Grand Marquee Champagne and limited edition Hamilton Russell Pinot from Private Cellar
There are few finer places to be during these endlessly dark days than Bellamy’s in Bruton Place, London W1. And there are few finer folk to be there with than Chloe Smith, from strategic partnerships at The Spectator, and Laura Taylor, marketing director of Private Cellar.
Gavin Rankin, le patron qui mange ici, is as witty, charming and attentive as ever and our glasses of fizz — the strikingly fine Ayala Brut Majeur Champagne — are on the house. I mean how good does it get? Perhaps there is a God after all.
Ayala, founded in 1860, is one of the original Grand Marques and, part of the mighty Bollinger stable since 2005, is beloved by those in the know. So happy are we three to be out and about and so disarmed by the beaded bubbles that we have a rush of blood to the head and decide to offer the Ayala Brut Majeur NV (1) here to the wider reader-ship. Immaculate blending, low dosage and long ageing have resulted in an exquisite champagne at a fantastic discount and you’ll love it. £27.50 down from £29.99.
Not only that, Mr Rankin, full of Ayala-induced bonhomie, immediately declares that anyone booking a table at Bellamy’s until the end of November quoting ‘Spectator Club’ will get a welcoming glass of the stuff, gratis. Sadly, I can’t guarantee that Chloe and Laura will be there too.
For those who prefer an everyday fizz, do make a beeline for the perfectly poised, multi--awarding-winning Prosecco Ca’ Bolani (2) from the ancient city of Aquileia in Friuli. Fresh, zesty, citrusy, appley, yet bone dry on the finish, it’s impossible to stick to just one glass. £13.50 down from £14.50.
The 2019 Domaine du Montmarin Viognier (3), from a 450 year-old estate near Béziers, the great bullfighting town of the Languedoc, is a glorious expression of this most seductive of grapes. Apricotty, peachy and creamy, it’s fresh and lively too and deeply satisfying. £11.50 down from £12.50.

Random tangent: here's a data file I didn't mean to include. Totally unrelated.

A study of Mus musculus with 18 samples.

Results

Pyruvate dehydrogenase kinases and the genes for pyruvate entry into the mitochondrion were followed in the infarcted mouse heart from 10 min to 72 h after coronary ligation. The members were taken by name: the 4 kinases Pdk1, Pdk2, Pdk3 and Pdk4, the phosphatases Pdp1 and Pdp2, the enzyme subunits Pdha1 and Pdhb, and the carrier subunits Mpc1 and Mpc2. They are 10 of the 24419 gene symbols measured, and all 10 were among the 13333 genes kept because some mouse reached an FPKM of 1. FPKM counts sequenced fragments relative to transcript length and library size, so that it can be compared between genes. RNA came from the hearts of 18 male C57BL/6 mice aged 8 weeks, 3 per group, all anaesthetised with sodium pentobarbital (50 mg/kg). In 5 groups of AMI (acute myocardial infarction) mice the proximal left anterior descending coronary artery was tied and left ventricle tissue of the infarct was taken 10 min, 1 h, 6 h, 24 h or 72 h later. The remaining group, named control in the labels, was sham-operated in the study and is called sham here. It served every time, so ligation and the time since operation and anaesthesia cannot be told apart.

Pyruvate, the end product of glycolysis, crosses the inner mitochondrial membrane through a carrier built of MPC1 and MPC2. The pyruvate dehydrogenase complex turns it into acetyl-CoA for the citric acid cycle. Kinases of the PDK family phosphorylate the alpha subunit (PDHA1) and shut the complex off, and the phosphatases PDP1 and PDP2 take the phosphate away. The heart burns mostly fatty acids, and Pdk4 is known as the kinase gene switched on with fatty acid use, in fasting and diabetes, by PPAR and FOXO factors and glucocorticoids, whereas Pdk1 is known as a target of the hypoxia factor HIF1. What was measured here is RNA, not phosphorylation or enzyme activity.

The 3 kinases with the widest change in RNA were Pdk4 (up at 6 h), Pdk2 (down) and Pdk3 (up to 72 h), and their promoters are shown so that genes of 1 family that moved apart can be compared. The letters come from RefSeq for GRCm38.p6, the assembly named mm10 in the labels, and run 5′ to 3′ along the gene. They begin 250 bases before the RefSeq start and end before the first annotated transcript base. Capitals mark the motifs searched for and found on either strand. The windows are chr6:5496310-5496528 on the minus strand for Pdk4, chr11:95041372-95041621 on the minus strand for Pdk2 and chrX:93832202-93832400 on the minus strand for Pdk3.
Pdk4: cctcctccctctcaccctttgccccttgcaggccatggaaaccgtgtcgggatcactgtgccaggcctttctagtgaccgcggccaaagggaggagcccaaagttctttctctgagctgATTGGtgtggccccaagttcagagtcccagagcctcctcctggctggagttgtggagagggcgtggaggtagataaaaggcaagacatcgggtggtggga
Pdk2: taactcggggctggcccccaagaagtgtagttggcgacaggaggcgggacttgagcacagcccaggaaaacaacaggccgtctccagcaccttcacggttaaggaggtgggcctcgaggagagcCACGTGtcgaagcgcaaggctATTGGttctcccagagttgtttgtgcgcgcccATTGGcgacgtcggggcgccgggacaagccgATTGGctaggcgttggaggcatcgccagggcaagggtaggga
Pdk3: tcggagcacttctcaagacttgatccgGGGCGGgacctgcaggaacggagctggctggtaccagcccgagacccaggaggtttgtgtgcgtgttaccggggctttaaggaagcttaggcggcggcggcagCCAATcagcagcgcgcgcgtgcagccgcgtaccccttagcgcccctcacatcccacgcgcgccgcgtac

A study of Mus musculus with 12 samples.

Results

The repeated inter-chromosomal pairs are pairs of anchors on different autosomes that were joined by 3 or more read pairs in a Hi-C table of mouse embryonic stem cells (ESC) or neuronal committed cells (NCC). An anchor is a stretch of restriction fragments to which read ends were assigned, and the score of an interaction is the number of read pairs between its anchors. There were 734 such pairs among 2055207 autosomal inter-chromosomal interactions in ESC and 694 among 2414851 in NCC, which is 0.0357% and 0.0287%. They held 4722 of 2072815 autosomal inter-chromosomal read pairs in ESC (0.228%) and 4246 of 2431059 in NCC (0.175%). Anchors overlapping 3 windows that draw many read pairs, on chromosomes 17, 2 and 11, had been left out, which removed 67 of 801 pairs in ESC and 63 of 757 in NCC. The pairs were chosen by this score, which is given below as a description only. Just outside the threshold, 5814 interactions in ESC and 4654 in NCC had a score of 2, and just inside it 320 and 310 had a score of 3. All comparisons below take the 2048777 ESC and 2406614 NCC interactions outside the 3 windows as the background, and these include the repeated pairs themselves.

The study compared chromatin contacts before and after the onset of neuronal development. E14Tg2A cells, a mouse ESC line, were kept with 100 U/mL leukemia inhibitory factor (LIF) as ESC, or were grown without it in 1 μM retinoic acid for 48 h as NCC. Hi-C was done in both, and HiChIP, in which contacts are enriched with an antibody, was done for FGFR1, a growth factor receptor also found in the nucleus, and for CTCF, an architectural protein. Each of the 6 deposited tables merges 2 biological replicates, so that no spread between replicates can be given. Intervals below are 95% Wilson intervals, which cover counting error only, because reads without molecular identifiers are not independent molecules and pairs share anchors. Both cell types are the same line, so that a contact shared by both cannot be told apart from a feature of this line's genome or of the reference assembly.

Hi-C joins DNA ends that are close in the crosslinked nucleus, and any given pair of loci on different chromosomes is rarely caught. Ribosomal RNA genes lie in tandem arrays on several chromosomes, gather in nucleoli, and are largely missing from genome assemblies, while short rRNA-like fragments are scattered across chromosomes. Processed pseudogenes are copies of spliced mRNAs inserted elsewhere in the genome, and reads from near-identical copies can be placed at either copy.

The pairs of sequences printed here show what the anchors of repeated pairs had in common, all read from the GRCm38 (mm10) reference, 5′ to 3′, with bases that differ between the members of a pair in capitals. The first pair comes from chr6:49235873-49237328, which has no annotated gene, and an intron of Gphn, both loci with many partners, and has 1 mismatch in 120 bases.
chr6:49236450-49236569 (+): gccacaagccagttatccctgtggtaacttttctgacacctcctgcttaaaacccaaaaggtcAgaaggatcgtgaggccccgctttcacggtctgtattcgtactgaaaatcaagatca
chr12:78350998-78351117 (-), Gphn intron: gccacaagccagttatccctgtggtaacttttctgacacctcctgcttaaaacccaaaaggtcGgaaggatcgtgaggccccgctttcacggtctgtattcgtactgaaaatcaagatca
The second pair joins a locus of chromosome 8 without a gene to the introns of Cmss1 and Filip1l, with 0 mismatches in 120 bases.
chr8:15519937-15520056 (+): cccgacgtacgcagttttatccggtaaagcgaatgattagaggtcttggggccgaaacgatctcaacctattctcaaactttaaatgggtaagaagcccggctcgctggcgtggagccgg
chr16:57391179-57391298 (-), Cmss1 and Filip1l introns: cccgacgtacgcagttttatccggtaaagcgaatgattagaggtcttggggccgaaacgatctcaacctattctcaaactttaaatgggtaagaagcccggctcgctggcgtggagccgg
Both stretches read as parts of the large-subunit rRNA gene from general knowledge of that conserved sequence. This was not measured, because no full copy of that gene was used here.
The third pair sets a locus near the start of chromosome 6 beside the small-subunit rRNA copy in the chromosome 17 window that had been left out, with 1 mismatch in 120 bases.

I absolutely adore the 2018 Le Pavillon du Ch. Beauchêne (4). I’ve often recommended previous vintages here and will never tire of doing so since it’s a copper--bottomed corker. A ripe, juicy, spicy Grenache-based Côtes du Rhône from the Bernard family, wine-makers near Orange for 11 generations, it’s one of the tastiest wines ever to grace these pages. £10.50 down from £11.50.
The 2016 Private Cellar House Claret (5) is a beauty too, a Bordeaux Supérieur from the Sichel-owned Ch. Argadens. This is serious wine for the price, with a nice bit of bottle age, and will enchant any claret lover minding the pennies. £11.90 down from £12.90.
The 2018 Domaine Watson Chablis (6) from Chris and Liz Watson is very fine and very rare. Only some 125 cases or so were made and, part steel-fermented and part barrel-fermented, it has weight, character and style with crisp, fresh fruit and the faintest hint of honey. £23.50 down from £24.50.
Finally — and I’m so excited about this — we’ve an absolutely rip-roaring offer for lovers of fine Pinot Noir, that of a limited edition of 20 wooden boxes (actually 19, as I’ve nabbed one for myself) comprising one bottle each of the 2015, 2016 and 2017 Hamilton Russell Pinot Noir from the Hemel-en-Aarde Valley, Walker Bay, South Africa.
Anthony HR, a host of many a Spectator Wine-maker’s Lunch, unquestionably makes the finest Pinot in all the Cape and these bottles, with specially commissioned artists’ back labels, give a glimpse of excellence. £156 per box.
The mixed case has two bottles each of wines 1-6 and the champagne is also available — generously discounted — by the six-bottle box when bought with any other case. The Hamilton Russell Pinot Noir is by the three-bottle box only and may be ordered on its own. Delivery, as ever, is free.